Smith Brain Trust / March 2, 2023

The Rise in Four-figure Car Loan Payments Could Mean a Recession Is Coming

The Rise in Four-figure Car Loan Payments Could Mean a Recession Is Coming

In the fourth quarter of last year, the number of Americans paying $1,000 a month or more for a vehicle hit a record high of 15.7%. Today roughly two out of 13 people have committed themselves to these payments. And many of them are doing it after trading in cars they’re underwater on – owing more on them than they’re worth. That negative equity gets rolled into the purchase of the new vehicle.

“Ultimately if your equity is negative enough and you’re under enough financial distress, you’re going to eventually default on your automobile loan and the car will be repossessed,” says Pete Kyle, Charles E. Smith Chair professor of finance at the University of Maryland Robert H. Smith School of Business. He adds, “the negative equity might be one of the factors pushing the delinquency rate up.”

Bloomberg reports in January severely delinquent auto loans hit their highest rate since 2006. “In the last few months, you’ve seen a skyrocketing of late payments on loans from these ridiculously low levels that have never been seen before. But the worrisome thing is, is this going to continue? Are we going to see an even further transition into really high levels of delinquency on automobile loans?” Kyle says, “if we do, it’ll probably be associated with a recession.”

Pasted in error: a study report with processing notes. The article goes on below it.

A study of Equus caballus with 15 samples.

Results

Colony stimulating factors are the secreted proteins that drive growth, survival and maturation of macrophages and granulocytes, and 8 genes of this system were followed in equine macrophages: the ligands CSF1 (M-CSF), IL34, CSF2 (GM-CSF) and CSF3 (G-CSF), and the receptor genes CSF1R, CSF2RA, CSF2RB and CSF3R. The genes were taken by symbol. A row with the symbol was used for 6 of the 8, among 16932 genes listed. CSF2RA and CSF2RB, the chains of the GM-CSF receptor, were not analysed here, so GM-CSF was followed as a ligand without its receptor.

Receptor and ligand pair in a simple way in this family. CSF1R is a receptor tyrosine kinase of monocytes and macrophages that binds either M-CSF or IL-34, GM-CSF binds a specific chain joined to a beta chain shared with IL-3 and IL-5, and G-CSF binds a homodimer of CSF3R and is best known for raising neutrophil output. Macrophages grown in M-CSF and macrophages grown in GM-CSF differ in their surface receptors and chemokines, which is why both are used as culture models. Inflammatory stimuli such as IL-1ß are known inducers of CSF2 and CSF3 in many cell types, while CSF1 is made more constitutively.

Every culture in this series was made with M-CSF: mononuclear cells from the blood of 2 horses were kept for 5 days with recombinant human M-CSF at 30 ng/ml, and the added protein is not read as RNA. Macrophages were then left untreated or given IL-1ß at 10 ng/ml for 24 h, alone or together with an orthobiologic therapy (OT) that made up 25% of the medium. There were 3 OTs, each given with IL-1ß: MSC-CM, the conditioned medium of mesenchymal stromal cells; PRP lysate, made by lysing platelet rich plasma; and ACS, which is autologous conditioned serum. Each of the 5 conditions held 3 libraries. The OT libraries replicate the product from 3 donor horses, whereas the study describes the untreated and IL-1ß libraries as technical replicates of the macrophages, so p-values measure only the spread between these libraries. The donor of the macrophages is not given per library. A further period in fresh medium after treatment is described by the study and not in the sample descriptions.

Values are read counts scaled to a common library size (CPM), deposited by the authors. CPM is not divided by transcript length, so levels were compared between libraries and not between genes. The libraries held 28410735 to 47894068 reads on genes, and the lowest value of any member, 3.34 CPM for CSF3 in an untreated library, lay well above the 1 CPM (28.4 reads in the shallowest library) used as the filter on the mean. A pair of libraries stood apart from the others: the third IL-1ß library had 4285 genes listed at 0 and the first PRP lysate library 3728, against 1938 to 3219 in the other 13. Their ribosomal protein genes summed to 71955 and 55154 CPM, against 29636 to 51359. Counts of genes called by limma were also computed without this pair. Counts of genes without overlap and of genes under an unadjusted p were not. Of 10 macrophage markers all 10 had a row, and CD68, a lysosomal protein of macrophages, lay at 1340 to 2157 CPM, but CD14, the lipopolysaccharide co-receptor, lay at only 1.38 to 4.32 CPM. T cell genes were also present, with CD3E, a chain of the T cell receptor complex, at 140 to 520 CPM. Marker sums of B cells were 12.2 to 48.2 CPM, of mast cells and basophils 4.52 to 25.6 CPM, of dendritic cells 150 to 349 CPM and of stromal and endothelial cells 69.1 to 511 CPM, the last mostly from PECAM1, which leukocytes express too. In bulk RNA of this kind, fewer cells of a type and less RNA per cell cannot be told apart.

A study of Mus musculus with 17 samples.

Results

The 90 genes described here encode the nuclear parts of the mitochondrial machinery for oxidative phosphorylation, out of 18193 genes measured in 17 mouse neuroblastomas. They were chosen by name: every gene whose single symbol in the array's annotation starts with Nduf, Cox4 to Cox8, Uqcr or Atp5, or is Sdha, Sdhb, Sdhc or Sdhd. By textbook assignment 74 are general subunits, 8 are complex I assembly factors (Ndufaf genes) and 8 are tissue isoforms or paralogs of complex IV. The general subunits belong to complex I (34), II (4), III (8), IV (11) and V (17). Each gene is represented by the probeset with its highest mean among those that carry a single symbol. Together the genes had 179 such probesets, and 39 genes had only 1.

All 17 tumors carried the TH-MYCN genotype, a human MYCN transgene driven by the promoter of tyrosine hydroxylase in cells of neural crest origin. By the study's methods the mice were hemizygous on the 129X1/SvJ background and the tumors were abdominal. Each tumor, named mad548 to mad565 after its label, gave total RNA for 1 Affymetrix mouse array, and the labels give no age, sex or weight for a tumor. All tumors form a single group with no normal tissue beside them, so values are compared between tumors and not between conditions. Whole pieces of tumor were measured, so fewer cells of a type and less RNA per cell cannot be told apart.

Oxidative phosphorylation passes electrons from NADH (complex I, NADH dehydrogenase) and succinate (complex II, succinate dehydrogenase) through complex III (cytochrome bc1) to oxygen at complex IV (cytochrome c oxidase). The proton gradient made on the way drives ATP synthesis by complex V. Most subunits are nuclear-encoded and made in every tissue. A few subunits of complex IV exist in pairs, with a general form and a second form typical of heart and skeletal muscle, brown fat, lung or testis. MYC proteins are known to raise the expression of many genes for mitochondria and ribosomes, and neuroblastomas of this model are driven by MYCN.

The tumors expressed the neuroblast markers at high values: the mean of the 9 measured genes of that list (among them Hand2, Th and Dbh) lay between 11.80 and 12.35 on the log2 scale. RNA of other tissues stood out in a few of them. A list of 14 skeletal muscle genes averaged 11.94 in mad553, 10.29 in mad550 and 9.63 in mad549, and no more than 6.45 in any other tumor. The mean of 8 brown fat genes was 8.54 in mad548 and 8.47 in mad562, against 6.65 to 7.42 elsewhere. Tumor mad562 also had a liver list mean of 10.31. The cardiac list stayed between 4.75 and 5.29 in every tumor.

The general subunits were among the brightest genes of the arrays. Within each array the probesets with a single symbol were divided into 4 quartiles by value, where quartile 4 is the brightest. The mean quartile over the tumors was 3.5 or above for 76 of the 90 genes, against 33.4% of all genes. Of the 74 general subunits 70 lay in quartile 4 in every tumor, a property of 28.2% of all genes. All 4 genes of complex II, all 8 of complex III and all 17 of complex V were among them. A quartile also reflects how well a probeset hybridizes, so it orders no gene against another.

American car buyers are paying an average of roughly $49,400 to drive a shiny new vehicle off the lot. The Manheim Used Vehicle Value Index shows used car values fell in January but climbed in the first half of February. It was the largest such increase for that month since 2009. These prices are leading many consumers to put more money down on a car. The average down payment for new and used vehicles hit record highs last quarter, climbing to nearly $6,780 and over $3,921 respectively.

This overstretching of budgets and the other issues consumers are dealing with when it comes to car buying, appear to make up at least some of the ingredients in a recipe for recession. “I think so,” says Kyle, “that’s probably what’s happening.” For now, he feels the strong labor market is one of the main factors keeping an economic downturn at bay.